Getting its name from the frill-like shape of its gills, the Southern African frilled shark is one of only two known species of deep-sea frilled sharks. It is incredibly similar to the more studied frilled shark. Still, subtle differences, such as size at maturity and head and mouth width, mark it as a different species.
South African research ship FRS Africanacaught the first specimen in 1988 in Lüderitz, Namibia. Initially, researchers named itChlamydoselachus sp. A.It was formally described in 2009 by David Ebert and Leonard Compagno and named in honor of the ship that discovered it.
African Frilled Shark scientific classification
|Scientific name||C. africanus|
Of the few specimens collected, the largest is a 117 cm (46 in) long immature female. No mature females have been studied. The maximum length for mature males was measured at 99 cm (39 in).
African frilled sharks share similar features with the frilled shark, such as a long, snake-like body and broad, flat head. However, there are notable differences. The head and gill slits are longer, and the eyes and nostrils are rounder, larger, and more widely spaced. It has a wider mouth, and pectoral fins set further back along the body.
African frilled sharks are gray in life but covered by a thin membrane that makes them look dark brown. The mouth is placed terminally on the snout and has 30 and 27 pairs of teeth in the upper and lower jaw, respectively. Each of these teeth has three recurved cusps and interlocks with the tooth behind it. Six pairs of gill slits are connected under the jaw to form the characteristic “frill.” The pectoral fins are round, broad, and placed just behind the gill slits. The anal and pelvic fins are large, with long bases and curved margins. The single dorsal fin is set far behind the body, and the tail fin is somewhat triangular and is missing a lower lobe.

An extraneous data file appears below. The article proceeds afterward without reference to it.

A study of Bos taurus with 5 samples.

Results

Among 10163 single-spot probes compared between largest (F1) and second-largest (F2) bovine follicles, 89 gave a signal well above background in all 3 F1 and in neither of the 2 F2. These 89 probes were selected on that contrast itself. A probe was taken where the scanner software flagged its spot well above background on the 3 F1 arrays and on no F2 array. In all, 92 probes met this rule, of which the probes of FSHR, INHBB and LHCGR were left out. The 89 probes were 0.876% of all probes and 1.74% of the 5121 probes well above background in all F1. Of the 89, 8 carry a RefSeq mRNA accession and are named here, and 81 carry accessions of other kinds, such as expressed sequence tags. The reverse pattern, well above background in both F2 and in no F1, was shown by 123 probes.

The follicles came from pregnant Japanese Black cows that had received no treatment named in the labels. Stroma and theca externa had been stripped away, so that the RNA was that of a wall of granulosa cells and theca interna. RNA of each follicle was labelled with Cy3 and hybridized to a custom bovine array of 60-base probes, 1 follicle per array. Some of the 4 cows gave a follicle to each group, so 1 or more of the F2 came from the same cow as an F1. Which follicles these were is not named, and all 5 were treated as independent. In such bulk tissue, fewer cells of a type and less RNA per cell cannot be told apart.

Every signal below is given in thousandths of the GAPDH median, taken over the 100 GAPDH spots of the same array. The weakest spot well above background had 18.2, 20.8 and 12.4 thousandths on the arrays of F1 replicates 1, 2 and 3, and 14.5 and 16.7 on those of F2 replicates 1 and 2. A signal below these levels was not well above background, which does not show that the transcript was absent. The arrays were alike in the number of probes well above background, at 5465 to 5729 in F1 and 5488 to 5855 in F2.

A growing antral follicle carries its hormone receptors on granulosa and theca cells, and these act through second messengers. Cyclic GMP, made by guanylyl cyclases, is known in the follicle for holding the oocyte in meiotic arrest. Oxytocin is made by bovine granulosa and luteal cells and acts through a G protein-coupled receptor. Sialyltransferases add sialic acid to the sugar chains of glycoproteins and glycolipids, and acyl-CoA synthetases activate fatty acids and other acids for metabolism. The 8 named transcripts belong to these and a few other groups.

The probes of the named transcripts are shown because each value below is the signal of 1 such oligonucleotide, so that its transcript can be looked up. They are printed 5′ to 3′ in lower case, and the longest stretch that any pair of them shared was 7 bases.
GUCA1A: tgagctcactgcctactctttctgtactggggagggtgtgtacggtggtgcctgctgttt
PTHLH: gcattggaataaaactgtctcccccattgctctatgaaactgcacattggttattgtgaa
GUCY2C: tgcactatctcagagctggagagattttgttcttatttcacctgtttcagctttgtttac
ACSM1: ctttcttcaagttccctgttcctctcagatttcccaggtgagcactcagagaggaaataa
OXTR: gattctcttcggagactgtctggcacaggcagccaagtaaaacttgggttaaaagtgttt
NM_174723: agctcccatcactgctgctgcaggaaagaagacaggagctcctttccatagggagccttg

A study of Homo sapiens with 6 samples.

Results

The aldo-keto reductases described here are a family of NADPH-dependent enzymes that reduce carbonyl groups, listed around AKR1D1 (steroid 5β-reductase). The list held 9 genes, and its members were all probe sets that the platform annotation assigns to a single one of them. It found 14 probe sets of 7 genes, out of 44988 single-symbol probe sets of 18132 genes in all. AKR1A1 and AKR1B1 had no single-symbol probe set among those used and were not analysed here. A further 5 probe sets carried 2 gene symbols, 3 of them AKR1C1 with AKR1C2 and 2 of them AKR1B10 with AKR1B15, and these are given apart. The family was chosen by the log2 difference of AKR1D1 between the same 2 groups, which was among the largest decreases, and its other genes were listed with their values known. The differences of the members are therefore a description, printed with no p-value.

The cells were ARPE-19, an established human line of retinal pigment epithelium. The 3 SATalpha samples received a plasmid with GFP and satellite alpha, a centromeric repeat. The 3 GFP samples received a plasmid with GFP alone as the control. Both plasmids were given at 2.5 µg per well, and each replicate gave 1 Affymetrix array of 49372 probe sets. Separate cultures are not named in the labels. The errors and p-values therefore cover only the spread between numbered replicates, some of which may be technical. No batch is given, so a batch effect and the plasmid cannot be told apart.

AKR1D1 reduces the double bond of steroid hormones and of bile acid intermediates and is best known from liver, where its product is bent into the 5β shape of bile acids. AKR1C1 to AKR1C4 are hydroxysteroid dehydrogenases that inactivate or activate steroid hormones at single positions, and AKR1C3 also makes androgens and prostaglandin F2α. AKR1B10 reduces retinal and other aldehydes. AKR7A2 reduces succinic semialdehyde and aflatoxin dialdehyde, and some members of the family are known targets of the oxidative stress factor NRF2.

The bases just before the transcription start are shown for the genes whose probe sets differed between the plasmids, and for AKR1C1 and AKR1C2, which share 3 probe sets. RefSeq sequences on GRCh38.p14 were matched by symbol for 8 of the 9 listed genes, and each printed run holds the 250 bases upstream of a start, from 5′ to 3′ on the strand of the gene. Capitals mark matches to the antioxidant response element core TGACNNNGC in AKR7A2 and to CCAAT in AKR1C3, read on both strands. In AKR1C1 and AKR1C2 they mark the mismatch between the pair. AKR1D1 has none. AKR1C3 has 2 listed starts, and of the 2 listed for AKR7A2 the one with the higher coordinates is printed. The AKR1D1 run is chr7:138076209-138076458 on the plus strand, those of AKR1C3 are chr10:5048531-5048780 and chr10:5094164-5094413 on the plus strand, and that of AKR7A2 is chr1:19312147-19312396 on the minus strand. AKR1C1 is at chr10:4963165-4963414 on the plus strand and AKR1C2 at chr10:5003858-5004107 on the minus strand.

Where do they live
Map Of The African Frilled Shark’s Habitat
The only confirmed sightings have been along the coast of southern Angola to southern Namibia. Frilled sharks were also caught off the coast of Eastern Cape Province and Kwazulu-Natal, but it is unclear whether these are African frilled sharks. Little is known about their habitat.
Examination of its stomach contents revealed that this species feeds on other smaller sharks, such as the African sawtail catshark.
It is assumed to be aplacental viviparous like its relative. Males reach sexual maturity at 91.5 cm (36 in).
The African frilled shark is specialized for capturing and swallowing large prey whole. Its jaws, mouth, and stomach are highly distensible, and its sharp recurved teeth prevent escape. A notable example is a 92 cm (36 in) long specimen that had swallowed a whole ghost catshark measuring 40% of its body length.
They are not a threat to humans. There is insufficient data on their population and life cycle, which makes threat assessment difficult. The IUCN has labeled this species as “Least Concern” or “LC.”